Two Wabash Valley Shuri-Ryu Karate Academy students were black belted on May 15, an honor bestowed upon them by Sensei Mike Castro (center). Rob Barton (left) and Tommy Music (right) traded in their brown belts when Castro decided that they had earned to move up in rank, according to Music. “It’s an honor to be promoted to black belt,” Music said in an interview with The Paper of Wabash County. “I cried. It’s seven years coming. Almost seven years that Mr. Barton and I have been coming down (to the dojo) anywhere from five to six days a week, one to two hours at a time. It’s been a long road to now and it’s an honor.” Photo provided
by Eric Stearley
Last week, the Wabash Valley Saw Dust Gang began restoration work on the Wabash County Historical Museum’s outdoor caboose exhibit.
“The museum received the caboose from Bob McCallen, and he asked our group if we would restore it, so we took that project on,” said Marvin Wright, member of the four-county woodworking club. “We didn’t want to work on it when there was snow on the ground, so it’s finally gotten warm enough that we could begin to do it.”
Three members of the Saw Dust Gang were hard at work Wednesday morning, tearing off the train caboose’s old siding. Wright said that the wood underneath the siding doesn’t look great, but it’s solid.
“We’re residing the caboose, first removing the old siding, which is two layers and is really in bad, bad shape,” said Wright. “Then after we get the siding off and the new back on, there’s a gentleman who’s going to replace the roof, so the caboose will be back exteriorly in very good shape once we get done in hopefully another week and a half or so.”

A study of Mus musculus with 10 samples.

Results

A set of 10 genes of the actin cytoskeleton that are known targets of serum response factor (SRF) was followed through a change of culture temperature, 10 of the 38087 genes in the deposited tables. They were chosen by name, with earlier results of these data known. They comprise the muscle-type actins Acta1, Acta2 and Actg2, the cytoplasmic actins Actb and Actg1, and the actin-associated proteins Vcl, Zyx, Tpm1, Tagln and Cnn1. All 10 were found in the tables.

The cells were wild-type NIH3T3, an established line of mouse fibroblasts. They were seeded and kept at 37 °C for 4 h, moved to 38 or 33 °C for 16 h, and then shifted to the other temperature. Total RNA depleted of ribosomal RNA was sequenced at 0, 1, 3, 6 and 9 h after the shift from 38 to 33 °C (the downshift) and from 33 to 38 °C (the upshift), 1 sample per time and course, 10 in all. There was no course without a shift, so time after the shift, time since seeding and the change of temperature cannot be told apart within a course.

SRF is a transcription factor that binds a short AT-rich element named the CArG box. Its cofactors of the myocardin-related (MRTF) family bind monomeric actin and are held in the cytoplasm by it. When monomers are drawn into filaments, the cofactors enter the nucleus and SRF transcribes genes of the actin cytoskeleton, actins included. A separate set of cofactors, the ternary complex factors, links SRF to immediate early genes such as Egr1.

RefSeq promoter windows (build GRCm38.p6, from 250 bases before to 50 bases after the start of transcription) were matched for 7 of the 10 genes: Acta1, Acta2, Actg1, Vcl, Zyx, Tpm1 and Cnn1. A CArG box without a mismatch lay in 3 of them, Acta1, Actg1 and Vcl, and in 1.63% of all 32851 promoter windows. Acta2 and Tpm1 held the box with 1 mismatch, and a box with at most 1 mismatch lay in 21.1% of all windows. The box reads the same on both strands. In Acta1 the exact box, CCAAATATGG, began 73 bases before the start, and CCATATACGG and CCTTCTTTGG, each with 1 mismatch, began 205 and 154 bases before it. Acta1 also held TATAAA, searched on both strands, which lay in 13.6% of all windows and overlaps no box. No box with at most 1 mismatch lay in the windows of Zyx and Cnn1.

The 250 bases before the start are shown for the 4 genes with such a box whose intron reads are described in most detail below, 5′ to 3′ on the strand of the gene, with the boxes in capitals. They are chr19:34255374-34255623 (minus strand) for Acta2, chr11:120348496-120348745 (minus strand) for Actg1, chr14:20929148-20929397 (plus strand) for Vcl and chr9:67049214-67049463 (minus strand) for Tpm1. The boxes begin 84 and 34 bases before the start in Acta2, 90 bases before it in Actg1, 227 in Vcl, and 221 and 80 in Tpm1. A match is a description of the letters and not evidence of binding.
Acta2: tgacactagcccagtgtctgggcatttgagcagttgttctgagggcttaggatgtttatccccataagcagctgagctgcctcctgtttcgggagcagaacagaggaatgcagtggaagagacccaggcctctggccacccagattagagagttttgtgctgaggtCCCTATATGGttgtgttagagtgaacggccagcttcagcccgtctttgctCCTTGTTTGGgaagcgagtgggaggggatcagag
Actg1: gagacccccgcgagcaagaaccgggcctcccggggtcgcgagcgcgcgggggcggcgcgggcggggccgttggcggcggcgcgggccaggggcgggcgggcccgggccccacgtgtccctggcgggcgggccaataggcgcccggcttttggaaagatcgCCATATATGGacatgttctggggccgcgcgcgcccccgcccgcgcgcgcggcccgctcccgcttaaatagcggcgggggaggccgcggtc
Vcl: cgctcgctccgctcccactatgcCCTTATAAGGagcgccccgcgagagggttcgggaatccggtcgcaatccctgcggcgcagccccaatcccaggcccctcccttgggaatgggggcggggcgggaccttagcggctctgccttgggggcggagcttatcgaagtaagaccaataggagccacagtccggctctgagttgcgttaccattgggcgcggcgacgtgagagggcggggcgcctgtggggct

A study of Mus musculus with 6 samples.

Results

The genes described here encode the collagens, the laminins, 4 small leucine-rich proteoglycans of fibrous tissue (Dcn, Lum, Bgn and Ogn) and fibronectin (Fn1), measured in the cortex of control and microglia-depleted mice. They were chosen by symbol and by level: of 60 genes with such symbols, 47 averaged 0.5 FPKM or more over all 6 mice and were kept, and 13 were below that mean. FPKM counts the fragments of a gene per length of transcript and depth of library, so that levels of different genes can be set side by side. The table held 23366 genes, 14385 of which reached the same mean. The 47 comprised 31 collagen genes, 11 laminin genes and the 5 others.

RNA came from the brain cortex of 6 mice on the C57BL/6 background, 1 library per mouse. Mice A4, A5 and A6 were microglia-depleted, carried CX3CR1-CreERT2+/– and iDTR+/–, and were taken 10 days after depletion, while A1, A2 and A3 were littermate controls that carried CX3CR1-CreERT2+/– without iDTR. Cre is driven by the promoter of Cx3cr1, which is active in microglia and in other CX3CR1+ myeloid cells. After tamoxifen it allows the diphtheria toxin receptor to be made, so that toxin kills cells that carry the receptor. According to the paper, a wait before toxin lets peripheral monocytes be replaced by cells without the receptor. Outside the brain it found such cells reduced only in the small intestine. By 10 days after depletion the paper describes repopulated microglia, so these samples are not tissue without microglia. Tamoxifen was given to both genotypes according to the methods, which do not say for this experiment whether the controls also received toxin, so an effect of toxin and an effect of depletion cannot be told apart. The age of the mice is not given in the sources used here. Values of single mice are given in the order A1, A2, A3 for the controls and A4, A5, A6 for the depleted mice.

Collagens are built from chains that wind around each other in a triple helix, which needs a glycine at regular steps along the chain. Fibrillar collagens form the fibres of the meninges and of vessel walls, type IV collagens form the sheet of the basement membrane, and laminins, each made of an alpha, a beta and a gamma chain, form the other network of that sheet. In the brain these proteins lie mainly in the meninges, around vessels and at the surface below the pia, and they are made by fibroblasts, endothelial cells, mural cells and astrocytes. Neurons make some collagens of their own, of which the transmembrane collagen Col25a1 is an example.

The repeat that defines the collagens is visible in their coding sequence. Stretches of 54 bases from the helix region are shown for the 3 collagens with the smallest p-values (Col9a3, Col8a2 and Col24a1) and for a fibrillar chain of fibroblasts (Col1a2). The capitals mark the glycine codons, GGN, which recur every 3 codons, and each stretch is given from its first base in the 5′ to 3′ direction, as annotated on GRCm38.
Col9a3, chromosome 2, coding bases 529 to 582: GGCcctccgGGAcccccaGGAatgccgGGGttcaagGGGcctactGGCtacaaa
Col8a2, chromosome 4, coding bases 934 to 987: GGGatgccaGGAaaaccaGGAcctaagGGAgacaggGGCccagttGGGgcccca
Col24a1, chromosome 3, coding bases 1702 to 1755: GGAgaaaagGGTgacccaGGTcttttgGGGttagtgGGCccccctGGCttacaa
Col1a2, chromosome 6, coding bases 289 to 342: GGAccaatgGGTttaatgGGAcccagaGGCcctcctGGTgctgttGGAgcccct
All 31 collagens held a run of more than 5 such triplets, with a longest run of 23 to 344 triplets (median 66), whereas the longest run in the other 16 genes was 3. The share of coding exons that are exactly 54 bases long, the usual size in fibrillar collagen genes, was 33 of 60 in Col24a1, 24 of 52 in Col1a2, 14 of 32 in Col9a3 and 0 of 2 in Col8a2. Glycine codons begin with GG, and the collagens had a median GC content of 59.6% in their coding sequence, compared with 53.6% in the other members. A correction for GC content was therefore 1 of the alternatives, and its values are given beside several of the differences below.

The small team was able to remove both layers of siding from the east side of the caboose Monday, April 14. The same was done to the west side of the caboose, carefully removing and preserving an original logo, which will be used as part of the exhibit.
“The outside layer was screwed in and it took impact drivers to get it loose,” said Wright. “And the underside was nailed on with so many nails it’s unreal, so taking it off is really the biggest part of the project, and the dirtiest.”
Wright and the others working on the project will cut and paint the new siding before bringing it to the location for installation.
“That should make life so much simpler,” said Wright.
Though efforts are focused on the interior right now, the plan is to restore the interior and open it to the public by late fall or early next year.
“People have really enjoyed the caboose, and I think once it gets finished, it will be even more exciting to see,” said Executive Director Mitch Figert.
The project is partially funded by a place-based investment grant through Wabash Marketplace. It’s a matching grant up to $13,700, so the museum is starting a capital campaign to raise the equivalent sum needed to take advantage of all matching funds available. Figert hopes that community members will take advantage of the opportunity to double their impact.
“It’s a great way to get involved, because we can match them dollar for dollar right now to support the caboose project,” said Figert. “It’s really just going to be a community effort to get this done.”
A conceptual design plan for the completed exhibit, which includes a train-stop-style seating area, can be viewed on the western exterior wall of the museum, just opposite the caboose.